Why does HMRC need a boss who thinks tax is legalised extortion?


What worries me is when those [like Mr Troup] who are imported into HMRC’s management appear to have an ethos that does not accord with that which would be expected from HMRC management. There is some evidence to suggest that’s the case with Edward Troup. This comes from an article he wrote for the FT in 1999:

Tax law does not codify some Platonic set of tax-raising principles. Taxation is legalised extortion and is valid only to the extent of the law. Tax avoidance is not paying less tax than you ‘should’. Tax avoidance is paying less tax than Parliament would have wanted. Avoidance is where Parliament got it wrong, or didn’t foresee all possible combinations of circumstance. The problem of tax avoidance is reduced to the problem of finding an answer to the question of what parliament intended and making sure that this is complied with. I would not pretend this is a simple task. But recognising this as the issue and dealing with it equitably and constitutionally would be a significant step on the way to tackling avoidance effectively.

So does this come from the same article:

The pitfall that recent governments have fallen into is to challenge the tax planners on their home turf. Successively more complex sets of rules have been created, which in turn provide opportunities for exploitation. A simpler tax system, with fewer reliefs, exemptions and discontinuities would, in the long term, frustrate most of the tax avoiders’ ploys .


And this, when referring explicitly to a potential general anti-avoidance principle:

Merely saying that steps taken for tax avoidance motives can be ignored or rewritten takes the analysis no further. It is merely a pious statement that that parliamentary intention should not be frustrated. But such a general anti-avoidance provision would not be ineffective. It would, of necessity, have to give the revenue authorities the discretion to invoke, or not to invoke, its operation. The taxpayer would be laid at the mercy of the bureaucrat.

And these do not appear to be views he has distanced himself from. They were quoted in a 2013 briefing to parliament on a general anti-avoidance rule without steps being taken to say he had changed his mind in the meantime.

So let’s reflect on that for a moment. Here we have the head of tax policy arguing like the Institute for Economic Affairs against the complexity in legislation needed to beat tax abuse and to collect tax from modern commercial transactions.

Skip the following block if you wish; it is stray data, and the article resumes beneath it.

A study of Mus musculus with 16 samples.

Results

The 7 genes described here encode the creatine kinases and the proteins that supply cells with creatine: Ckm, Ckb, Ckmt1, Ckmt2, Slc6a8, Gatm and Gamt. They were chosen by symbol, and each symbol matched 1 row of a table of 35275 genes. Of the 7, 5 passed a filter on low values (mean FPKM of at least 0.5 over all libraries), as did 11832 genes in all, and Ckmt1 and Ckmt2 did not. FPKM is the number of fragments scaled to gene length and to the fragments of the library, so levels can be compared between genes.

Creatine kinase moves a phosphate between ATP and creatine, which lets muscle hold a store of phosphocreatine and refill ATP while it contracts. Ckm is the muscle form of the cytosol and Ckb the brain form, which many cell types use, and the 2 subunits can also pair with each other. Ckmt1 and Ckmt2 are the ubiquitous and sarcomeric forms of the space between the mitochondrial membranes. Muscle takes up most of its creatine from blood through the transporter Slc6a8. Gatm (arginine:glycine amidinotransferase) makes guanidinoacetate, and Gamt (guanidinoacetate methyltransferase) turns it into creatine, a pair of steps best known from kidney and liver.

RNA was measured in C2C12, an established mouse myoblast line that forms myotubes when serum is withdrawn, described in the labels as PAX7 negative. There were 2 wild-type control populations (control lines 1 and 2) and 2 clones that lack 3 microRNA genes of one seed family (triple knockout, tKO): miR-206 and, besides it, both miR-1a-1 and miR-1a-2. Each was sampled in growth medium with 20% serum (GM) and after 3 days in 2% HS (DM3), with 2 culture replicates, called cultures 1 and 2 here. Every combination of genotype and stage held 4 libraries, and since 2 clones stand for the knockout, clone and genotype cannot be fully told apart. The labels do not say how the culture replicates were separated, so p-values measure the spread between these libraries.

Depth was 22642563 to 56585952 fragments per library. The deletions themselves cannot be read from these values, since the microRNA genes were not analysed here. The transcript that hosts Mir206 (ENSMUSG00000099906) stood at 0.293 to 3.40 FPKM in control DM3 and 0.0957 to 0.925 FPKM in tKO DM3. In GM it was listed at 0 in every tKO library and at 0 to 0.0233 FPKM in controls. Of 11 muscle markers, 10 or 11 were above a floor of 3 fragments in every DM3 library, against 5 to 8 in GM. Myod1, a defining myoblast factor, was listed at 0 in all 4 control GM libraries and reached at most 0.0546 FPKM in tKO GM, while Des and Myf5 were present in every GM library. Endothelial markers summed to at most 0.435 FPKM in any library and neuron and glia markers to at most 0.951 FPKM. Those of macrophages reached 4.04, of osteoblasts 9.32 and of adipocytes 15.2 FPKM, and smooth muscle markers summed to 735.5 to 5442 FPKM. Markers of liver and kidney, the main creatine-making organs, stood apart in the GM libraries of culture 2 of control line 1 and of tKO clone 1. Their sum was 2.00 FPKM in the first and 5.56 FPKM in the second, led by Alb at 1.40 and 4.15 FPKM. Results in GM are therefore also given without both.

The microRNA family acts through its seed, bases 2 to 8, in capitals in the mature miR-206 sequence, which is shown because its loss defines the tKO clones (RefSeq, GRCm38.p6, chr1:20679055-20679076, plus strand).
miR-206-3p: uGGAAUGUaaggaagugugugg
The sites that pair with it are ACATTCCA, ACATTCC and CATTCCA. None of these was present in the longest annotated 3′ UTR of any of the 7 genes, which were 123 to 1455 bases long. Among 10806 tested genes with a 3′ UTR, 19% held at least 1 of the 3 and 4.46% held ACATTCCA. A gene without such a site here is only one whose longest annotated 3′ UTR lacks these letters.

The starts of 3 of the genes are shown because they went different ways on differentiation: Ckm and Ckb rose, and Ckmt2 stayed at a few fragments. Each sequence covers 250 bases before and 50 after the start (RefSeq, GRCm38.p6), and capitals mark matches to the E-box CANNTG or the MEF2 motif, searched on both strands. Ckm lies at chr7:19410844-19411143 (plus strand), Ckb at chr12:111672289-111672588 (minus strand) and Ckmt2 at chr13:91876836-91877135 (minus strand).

And here we have a head of tax policy arguing HMRC should not have the power to invoke the use of anti-avoidance legislation to support the will of parliament and who thinks ‘bureaucrats’ cannot make such decisions, undermining the whole logic of having a tax authority in the first place.

And a person responsible for tax settlements who sees and argues for the commercial logic and benefit to tax avoidance.

Perhaps the PAC would like to question Mr Troup on these views today and ask the question whether such attitudes are consistent with the position he now holds or undermine it. I know where I stand.

I also wrote this after he was questioned by the Public Accounts Committee concerning the article in question, because members of that Committee had read my blog:

Ed Troup was questioned on this at the Public Accounts Committee hearing in the afternoon. As the Independent have reported it:

Perhaps the most radioactive moment in Monday’s often acerbic and — thanks to The Independent’s campaign against tax scams — rich confrontation came when Margaret Hodge asked Edward Troup, Her Majesty’s tax assurance commissioner, if he had once written that “taxation is legalised extortion”.

Well, said Mr Troup, with polite defensiveness, he was gratified that people had read old articles of his in the Financial Times, in which those words had “appeared.” (Ms Hodge, who is sometimes reminded of her own history as the firebrand leader of the leftist Islington Council, interjected: “You can never get away from your past, I can tell you.”)

It was — of course — all a matter of “context”. The article had argued that tax was not a matter for “discretion of the tax authorities” but had to be “left to the rule of law”.

Poachers turned gamekeepers are an old story, and at the time Mr Troup was back working at the top firm which had originally employed him as a tax lawyer. But was he just a little too sympathetic with the poachers he was supposed to be catching? Ms Hodge mused: “I would never dream of using those four words together.” Before going on to ask Mr Troup whether “given those views, are you really the best person to lead the fight, the people’s fight against tax avoidance?”

Now we’ve all written things we have since regretted (me included) and Margaret Hodge was right to allow for that. But I continue to think the question is valid. Ed Troup showed no sign of regret for what he wrote and did instead defend it. That was his mistake. He only had to say “I’ve changed my mind” or “I got that wrong” and the matter would have been laid to rest for good. He didn’t.

And that is why I am not convinced he is the man fro the job.

That, and the fact he signed off the Google deal.